This review may contain spoilers. I can handle the truth.
josh lewis’s review published on Letterboxd:
This review may contain spoilers.
this movie is going to end sooooo many relationships including the couple that was sitting right beside me. “i don’t know that he deserved that,” he said as the credits rolled, followed up by a very heated “that’s rich coming from you of all people.” the conviction and rage in her voice and the brief moment of shocked silence held between the two before they shuffled out carried with it so much history i did not care to witness so congrats to ari aster on unlocking the true power of cinema i guess. anyway pretty fun movie, very normal time, feeling at ease and such.
when i wrote about Hereditary i was shocked to see that not many people acknowledged how brutally, cruelly farcical that movie is in construction so i feel oddly vindicated by this movie which applies the same gleeful, stylish meat grinder (here though, for the anguish, isolation and gender imbalances of gaslighting) and ups the sardonic humor and disorienting absurdity. Wicker Man is obviously the folk horror point of reference but the final moments here also carried hints of Witchfinder General for me, only with that ending's transition to beastly, disturbing, fiery horror (complete with the echoing screams) now carrying with it a bizarre but troublingly earned sensation of relief and catharsis about ~cutting toxic people out of your life~. (hashtag scandanavian floral murder cult self care?) the big climax of this would make nbc's Hannibal proud in all its emotional self-actualization through frenzied, gorgeously violent extremity.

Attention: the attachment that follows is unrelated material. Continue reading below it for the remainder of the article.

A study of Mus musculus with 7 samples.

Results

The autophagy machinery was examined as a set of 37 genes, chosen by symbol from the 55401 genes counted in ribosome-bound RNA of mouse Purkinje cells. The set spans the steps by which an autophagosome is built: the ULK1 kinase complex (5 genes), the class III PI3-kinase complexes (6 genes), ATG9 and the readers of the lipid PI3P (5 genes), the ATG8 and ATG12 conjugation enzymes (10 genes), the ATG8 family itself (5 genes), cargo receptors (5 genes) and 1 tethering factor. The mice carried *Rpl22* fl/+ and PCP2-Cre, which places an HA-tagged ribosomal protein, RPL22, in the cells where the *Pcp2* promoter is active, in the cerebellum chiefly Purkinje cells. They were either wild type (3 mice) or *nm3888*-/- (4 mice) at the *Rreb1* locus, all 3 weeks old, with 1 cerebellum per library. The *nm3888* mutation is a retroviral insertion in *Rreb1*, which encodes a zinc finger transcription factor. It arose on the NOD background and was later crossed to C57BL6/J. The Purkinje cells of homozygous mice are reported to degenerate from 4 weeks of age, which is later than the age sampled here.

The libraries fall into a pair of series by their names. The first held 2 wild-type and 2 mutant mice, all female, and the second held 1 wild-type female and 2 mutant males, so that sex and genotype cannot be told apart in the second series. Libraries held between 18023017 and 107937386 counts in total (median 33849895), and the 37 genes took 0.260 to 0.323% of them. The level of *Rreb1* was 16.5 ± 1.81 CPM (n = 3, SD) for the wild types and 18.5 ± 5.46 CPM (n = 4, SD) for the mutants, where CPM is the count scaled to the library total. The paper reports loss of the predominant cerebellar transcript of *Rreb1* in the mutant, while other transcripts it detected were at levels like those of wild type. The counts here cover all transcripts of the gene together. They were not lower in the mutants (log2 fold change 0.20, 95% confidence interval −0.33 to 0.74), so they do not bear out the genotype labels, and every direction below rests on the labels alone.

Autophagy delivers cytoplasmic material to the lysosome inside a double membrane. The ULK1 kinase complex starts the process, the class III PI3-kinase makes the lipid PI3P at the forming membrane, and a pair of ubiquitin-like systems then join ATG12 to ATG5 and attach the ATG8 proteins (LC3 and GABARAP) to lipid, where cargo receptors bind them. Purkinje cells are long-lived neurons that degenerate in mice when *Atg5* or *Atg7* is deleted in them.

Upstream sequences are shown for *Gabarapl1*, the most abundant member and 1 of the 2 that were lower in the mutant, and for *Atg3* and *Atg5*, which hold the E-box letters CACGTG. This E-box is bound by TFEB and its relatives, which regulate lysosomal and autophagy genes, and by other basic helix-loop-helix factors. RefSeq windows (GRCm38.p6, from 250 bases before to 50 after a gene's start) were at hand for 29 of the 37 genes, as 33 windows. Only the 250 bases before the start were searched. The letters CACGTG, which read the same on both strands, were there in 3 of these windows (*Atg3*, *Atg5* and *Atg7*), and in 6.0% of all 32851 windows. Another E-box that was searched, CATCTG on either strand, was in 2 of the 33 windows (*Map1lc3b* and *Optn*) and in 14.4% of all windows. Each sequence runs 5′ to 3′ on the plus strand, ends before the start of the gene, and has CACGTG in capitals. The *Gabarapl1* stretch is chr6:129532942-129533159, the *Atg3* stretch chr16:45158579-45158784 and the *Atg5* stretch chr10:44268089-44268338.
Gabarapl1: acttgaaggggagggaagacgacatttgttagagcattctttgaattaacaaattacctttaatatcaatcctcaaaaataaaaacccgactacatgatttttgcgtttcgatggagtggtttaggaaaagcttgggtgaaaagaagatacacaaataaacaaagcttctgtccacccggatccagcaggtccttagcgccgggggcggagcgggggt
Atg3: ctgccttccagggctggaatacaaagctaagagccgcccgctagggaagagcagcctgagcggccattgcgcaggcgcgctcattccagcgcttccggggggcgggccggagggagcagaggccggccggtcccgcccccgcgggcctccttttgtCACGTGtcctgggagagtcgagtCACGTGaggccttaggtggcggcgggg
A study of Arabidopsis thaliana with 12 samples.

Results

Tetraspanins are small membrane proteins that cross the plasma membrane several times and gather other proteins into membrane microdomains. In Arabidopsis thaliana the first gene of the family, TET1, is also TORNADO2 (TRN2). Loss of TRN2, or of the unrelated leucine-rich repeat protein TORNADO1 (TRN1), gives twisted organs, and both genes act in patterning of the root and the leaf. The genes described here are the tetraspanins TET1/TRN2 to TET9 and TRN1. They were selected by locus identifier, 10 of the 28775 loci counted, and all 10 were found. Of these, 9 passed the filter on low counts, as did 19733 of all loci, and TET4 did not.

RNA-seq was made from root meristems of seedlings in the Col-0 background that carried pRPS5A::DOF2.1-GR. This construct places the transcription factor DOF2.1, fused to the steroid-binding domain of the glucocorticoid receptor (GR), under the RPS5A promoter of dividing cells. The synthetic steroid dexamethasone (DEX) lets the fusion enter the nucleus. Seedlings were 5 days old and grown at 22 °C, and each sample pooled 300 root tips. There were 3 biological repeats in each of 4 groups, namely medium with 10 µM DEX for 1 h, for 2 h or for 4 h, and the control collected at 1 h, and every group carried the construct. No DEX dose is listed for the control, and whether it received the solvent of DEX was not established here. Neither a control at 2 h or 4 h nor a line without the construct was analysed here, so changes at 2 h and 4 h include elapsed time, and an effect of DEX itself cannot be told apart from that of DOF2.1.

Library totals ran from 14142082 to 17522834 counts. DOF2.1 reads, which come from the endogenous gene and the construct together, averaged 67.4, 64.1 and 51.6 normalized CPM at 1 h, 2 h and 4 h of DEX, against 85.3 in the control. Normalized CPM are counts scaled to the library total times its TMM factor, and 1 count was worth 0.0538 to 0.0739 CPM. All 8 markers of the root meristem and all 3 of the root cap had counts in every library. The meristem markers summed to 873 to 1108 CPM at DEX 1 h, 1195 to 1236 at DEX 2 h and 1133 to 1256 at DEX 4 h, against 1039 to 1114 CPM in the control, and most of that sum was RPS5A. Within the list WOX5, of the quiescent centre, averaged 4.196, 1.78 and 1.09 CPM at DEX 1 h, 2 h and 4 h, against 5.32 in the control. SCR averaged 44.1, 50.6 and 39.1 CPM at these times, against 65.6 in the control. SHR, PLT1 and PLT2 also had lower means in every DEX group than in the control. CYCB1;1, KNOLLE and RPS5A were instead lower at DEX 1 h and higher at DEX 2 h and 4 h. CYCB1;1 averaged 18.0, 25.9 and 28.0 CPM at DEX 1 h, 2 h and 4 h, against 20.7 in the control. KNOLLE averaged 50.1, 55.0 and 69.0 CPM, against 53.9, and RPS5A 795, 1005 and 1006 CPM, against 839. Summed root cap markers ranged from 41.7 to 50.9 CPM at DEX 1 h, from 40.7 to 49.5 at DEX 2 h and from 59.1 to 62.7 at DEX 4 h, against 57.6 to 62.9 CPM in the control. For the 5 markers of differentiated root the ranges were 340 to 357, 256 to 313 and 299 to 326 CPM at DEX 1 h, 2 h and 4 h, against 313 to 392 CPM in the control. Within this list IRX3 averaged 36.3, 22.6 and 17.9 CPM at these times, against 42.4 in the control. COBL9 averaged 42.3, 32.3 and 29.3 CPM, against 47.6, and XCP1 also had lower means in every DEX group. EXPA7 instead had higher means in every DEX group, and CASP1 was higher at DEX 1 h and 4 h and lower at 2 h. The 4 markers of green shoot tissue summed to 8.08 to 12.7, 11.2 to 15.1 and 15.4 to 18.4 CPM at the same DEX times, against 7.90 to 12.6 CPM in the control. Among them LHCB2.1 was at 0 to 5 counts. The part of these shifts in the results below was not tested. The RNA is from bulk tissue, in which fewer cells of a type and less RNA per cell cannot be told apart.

completely understand the gripes with aster's self-satisfied style—a lot of my critical colleagues that dislike him frequently target the simplicity of the ideas combined with the pretentious, formally austere confidence he executes them with—but i do have to admit that that overly self-conscious control over his "art" dramas and the elaborate bodily harm he conceives as the only inevitable path for his characters does reveal something perverse and unhinged about how he thinks about relationships and communication that works for me. i don't know why. i don't even agree with his assessment but i find the way he sustains it and insists his barbarous "genre" inflections are incidental fascinating when the worldview of his films so very clearly don't see any kind of clean answers to pain in interiority or connection, only compromised ones where you not only accept but maybe even welcome your inevitable mutilations and sufferings. (seemingly also likes to not just imagine but cathartically revel in people yearning / choosing to inflict violence on their own loved ones.) he has effectively realized this concept into his own vivid and visceral form of idiosyncratic, apocalyptic exploitation twice now, so i do genuinely think it's time we check up on his loved ones and make sure that they are okay.